USPSTF Posts Draft Recs for Treatment of Adults With Obesity

Tara Haelle

February 20, 2018

Primary care clinicians should refer adults with a body mass index of 30 kg/m2 or higher to "intensive, multicomponent behavioral programs" for weight management, according to new draft recommendations from the US Preventive Services Task Force published online today.

The evidence review by the task force revealed the most effective programs to be those combining multiple activities along with group sessions, according to a statement by task force member Chyke A. Doubeni, MD, MPH. The task force did not consider evidence related to surgical interventions or nonsurgical devices, such as gastric balloons.

The task force designated the recommendation as B grade, meaning "there is high certainty that the net benefit is moderate or there is moderate certainty that the net benefit is moderate to substantial," according to their grade definitions. The public may post comments on the draft recommendations from February 20, 2018, to March 19, 2018.

Obesity affected more than 35% of men and 40% of women from 2013 to 2014, according to a National Center for Health Statistics data brief, and 1 in 13 Americans has a body mass index of at least 40 kg/m2.. Obesity, which is clinically defined as a body mass index of at least 30 kg/m2, increases the risk for type 2 diabetes, cancer, heart disease, gallstones, sleep apnea, venous thrombosis, atrial fibrillation, reflux disease, renal disease, disability, and death, according to the task force. Eating disorders and psychological stigma are also linked to obesity.

"The leading causes of death among adults with obesity include ischemic heart disease, type 2 diabetes, respiratory diseases, and cancer (e.g., liver, kidney, breast, endometrial, prostate, and colon cancer)," the task force writes in the draft recommendations.

For the evidence review, the group evaluated all interventional, controlled clinical trials published through June 6, 2017, that had at least 12 months of follow-up to determine effectiveness. In addition, they included cohort, case-control, and event-monitoring studies with shorter follow-up to assess harms. Of the 124 studies included, 83 were new whereas 41 were included in the 2012 USPSTF review.

"The USPSTF found adequate evidence that behavior-based weight loss interventions in adults with obesity can lead to clinically significant improvements in weight status and reduced incidence of type 2 diabetes among adults with obesity and elevated plasma glucose levels," they write. They note, however, that the effects were moderate. A minimum of 5% weight loss qualifies as clinically important, according to the US Food and Drug Administration.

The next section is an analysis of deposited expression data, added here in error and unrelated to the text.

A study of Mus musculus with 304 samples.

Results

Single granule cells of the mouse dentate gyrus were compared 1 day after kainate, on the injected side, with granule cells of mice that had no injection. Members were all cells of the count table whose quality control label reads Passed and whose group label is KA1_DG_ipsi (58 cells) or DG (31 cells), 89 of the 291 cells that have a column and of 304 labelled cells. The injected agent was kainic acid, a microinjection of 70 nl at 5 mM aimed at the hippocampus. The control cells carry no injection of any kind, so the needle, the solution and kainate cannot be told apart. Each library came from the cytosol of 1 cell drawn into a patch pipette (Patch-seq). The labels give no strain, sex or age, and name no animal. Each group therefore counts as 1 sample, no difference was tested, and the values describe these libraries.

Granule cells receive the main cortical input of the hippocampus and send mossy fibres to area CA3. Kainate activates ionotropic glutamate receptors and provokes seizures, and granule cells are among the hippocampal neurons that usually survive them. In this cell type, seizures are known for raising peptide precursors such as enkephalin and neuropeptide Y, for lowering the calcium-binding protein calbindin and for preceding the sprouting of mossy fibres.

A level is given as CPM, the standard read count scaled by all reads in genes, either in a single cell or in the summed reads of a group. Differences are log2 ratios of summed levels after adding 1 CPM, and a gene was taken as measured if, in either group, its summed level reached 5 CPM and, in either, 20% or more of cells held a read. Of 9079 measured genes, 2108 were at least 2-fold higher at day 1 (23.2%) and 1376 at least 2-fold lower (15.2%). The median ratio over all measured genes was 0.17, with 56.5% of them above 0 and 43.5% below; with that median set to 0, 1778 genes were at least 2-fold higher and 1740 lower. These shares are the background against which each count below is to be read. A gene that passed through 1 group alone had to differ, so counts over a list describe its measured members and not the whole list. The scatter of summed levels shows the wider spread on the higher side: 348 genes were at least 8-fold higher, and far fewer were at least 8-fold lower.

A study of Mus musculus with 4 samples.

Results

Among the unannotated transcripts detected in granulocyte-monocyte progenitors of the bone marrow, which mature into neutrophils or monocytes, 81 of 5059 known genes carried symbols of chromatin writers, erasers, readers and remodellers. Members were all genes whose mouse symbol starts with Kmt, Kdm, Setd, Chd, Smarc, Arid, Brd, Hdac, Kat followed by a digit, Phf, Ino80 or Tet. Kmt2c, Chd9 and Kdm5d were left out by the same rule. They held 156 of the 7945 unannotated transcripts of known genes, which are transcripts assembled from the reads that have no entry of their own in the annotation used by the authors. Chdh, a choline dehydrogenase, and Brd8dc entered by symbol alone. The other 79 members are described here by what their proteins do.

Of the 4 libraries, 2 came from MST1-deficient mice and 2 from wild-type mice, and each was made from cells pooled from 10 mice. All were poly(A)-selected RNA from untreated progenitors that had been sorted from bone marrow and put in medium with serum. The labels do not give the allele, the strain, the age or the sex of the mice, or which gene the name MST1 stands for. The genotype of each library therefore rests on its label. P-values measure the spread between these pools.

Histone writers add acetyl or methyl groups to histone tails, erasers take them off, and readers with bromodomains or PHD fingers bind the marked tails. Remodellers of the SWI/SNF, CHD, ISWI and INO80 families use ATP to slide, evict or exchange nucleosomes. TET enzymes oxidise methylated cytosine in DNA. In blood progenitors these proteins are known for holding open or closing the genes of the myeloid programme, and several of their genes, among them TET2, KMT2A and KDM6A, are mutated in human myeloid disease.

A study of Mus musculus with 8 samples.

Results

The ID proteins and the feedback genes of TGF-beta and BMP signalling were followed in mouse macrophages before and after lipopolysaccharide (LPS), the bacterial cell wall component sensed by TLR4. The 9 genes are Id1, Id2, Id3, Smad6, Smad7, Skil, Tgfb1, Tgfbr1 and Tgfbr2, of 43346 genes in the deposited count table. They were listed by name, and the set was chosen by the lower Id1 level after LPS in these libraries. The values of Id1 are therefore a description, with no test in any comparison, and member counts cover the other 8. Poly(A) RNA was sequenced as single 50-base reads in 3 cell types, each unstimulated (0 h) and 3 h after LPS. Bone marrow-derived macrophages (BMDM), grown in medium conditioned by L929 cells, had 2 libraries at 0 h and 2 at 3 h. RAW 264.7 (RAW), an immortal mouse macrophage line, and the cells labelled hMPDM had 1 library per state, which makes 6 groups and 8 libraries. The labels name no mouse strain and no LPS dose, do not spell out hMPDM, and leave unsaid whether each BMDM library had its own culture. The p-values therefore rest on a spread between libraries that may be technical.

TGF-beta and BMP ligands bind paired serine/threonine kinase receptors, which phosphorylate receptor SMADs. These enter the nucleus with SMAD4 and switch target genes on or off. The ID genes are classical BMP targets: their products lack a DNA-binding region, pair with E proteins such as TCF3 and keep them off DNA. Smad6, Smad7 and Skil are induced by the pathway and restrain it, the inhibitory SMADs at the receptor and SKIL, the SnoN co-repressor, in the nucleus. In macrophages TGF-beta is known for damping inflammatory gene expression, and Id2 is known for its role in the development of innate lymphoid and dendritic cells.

On the basis of 67 behavioral-based weight loss trials involving 22,065 participants and 12 to 18 months of follow-up, intervention groups had 5.3 pounds (2.39 kg) more weight loss than control groups.

"The mean absolute change in weight ranged from −0.5 kg (−1.1 lb) to −9.3 kg (−20.5 lb) among intervention groups and from 1.4 kg (3.1 lb) to −5.6 (−12.3 lb) among control groups," the task force reports.

Participants in an intervention group were nearly twice as likely to lose 5% of their baseline weight as were participants in control groups at 12 to 18 months, resulting in a number needed to treat of 8. The trials included a diversity of group, individual, mixed, print-based, and technology-based interventions, including 19 trials without any in-person contact.

Adults undergoing behavioral interventions to maintain weight loss also saw less weight gain after completing the interventions than those in the control groups. The evidence also suggested little to no harms, particularly as the programs are noninvasive, the task force writes.

Combining pharmacotherapy with behavioral interventions led to increased weight loss and improved weight loss maintenance for 12 to 18 months, according to 32 fair-quality trials, but these had high attrition and lacked generalizability. They used highly selective criteria for enrollment, such as documented compliance for medication and meeting preenrollment weight loss targets. Drugs assessed in the studies included liraglutide, lorcaserin, naltrexone and bupropion, orlistat, and phentermine-topiramate.

"In addition, data were lacking about the maintenance of improvement after discontinuation of pharmacotherapy," the task force notes.

The vast majority of the evidence relied on 80 behavior-based weight loss trials, most of which lasted 1 to 2 years and occurred in the United States. Other trials occurred in Europe, Japan, Australia, and Canada. Participants (from n=30 to n=2161 across the trials), had mean baseline body mass indexes ranging from 25 to 39.2 kg/m2 and mean ages from 22 to 66 years. No significant differences in cardiovascular events, mortality, and health-related quality of life existed between intervention and control groups in the few studies that assessed these outcomes.

Of the 13 behavior-based weight loss trials that tracked type 2 diabetes incidence, one good-quality study involving 1295 participants found a nearly twofold higher prevalence in the placebo groups at 3-year follow-up as in the intervention groups (28.9% vs 14.4%). To prevent one case of diabetes, 6.9 patients needed to be treated. Similarly, a study with 523 participants found a 40.0% reduction in type 2 diabetes incidence in the intervention group compared with control at 9 years.

The authors have disclosed no relevant financial relationships. The USPSTF and evidence synthesis were funded by Agency for Healthcare Research and Quality in the US Department of Health and Human Services.

US Preventive Services Task Force. Draft Recommendation Statement: Weight Loss to Prevent Obesity-Related Morbidity and Mortality in Adults: Behavioral Interventions. Published online February 20, 2018.